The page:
Today I’m taking a look at one of the games that caught my attention as a kid. After weeks of trawling the internet to find ‘Populous: The Beginning’ I finally found a copy last week and have been playing it solidly ever since. The game was released in 1998 and I picked up the game in late 2003, ever since then I’ve been a huge fan of the Populous franchise. The series was founded by Peter Molyneux in 1989 and coined the phrase we all know and love ‘God game’. Personally my favourite type of game is a good world management game, and Populous is a nice example of what are the early management games.
The game is set in a solar system dominated by three tribes, these tribes stand in the way of the player’s tribe which is situated on the planet furthest from the solar system’s sun. The player takes on the role of the shaman of this tribe, and commands the tribesmen to either collect resources, create new buildings for the town, train as warriors (or many other combatant jobs), or finally the tribesmen can be directed to their huts to make lots of little baby tribesmen. Once the shaman has created an army strong enough to mount an attack on the enemy tribes, the onslaught can begin. This may seem very normal for a ‘horde, build, fight’ kind of strategy game, and it would be just that if it weren’t for the inclusion of magic spells that can be accessed through worship at ancient stone heads or vaults of knowledge. These spells can turn the tide of a battle if the shaman uses them in the right way. An example of this magic may be the lightning spell which can be used to kill and disperse a tight group of enemies or set fire to an enemy tribe’s huts, meaning that they will be unable to create new tribesmen to fight off the player’s shaman and her warriors. The aim of the game is to take control of every planet by wiping out the indigenous tribes, once this has been achieved the player’s shaman becomes omnipotent and is able to ascend to godhood, when she can help her people in one final battle against the three enemy tribes. The game afforded me roughly ten hours of casual gameplay on my last try, but bare in mind that I have previous experience with the game so you may spend longer getting to grips with each of the levels.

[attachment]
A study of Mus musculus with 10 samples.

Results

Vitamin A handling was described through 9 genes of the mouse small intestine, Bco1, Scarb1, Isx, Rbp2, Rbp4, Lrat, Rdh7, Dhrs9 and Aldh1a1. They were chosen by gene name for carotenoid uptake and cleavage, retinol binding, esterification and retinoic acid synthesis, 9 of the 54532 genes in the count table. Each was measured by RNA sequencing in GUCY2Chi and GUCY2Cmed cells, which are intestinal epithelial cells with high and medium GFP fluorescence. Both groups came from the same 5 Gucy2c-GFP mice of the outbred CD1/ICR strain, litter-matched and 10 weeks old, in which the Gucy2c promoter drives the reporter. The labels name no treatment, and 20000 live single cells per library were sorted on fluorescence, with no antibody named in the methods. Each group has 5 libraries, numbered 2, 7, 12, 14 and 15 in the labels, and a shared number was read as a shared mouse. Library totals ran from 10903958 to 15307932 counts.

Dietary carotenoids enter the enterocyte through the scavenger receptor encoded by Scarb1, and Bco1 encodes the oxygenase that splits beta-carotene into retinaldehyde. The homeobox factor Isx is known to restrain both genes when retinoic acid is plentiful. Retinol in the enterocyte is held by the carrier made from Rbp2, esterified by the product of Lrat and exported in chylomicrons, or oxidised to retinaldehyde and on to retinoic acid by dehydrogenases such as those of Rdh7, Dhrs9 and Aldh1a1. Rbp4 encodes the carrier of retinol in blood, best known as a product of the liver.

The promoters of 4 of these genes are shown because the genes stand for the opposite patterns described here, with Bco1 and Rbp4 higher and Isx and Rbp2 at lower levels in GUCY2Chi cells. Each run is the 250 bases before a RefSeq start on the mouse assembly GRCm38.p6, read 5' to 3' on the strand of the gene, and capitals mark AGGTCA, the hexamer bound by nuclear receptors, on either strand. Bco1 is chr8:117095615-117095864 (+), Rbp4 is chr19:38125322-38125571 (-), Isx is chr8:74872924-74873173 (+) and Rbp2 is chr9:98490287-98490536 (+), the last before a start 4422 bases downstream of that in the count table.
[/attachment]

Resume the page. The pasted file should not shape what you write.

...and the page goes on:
My initial thoughts on the game were ones of absolute awe, as a child there was nothing I liked more than telling lots of tiny little people to go and beat up lots of other tiny little people, and sending a nasty swarm of wasps at the man that was shooting me with fireballs. Obviously since then my views on the game have changed a little, but I can safely say that I still get a warm sense of satisfaction, after conquering a solar system in my name. I have played the game through several times now and have stored my copy of the disc safely away. I did this so that one day, I may bring it out and show my grandchildren what exactly their grandfather got up to while all the other little boys and girls were off eating mud and shoving chewing gum in each others hair.
The Populous series has been seen as a revolutionary step into god games and real time strategy, and in my opinion, no game can show this better than Populous: The Beginning. This title really brought together the two ideas, eliminating the slow play style of the first two games in favour of a more fast paced battlefield.
The AI used in this game was a massive let down at times, with warriors trying to climb hills and mountains only to get stuck half way up. Another great annoyance for me was that if I sent a large attack party into an enemy base, that party would immediately dispurse and attack each tribesman they could find, usually in one to one combat rather than the all-on-one aproach that I had had in mind.
The graphics are dire compared to modern day masterpieces such as Skyrim or Battlefield 3, but you must remember that this game is fifteen years old and so is naturally a little shoddy looking. Molyneux and his team have still managed to make Populous: The Beginning into a pleasant enough game to play while I’m in a relaxing mood, and for that I am very grateful. I would love to see a remake of this game, with new textures and perhaps a nicer navigation control, but as Molyneux is currently working on his new god game, I don’t suppose I should be expecting anything soon.
As I have briefly mentioned, I found the navigation controls to be a little difficult, they seemed clunky and unrefined. I found the controls especially difficult to use on the playstation version, this game was most definitely not designed for console.
No matter how much I love this game, I have to admit that it isn’t up to modern standards. This is why I have given Populous: The Beginning the rating I have. Alas, I would recommend checking it out, it’s a good laugh and it’s such a solid pillar to modern god games that its nice to just stand back and admire it from time to time.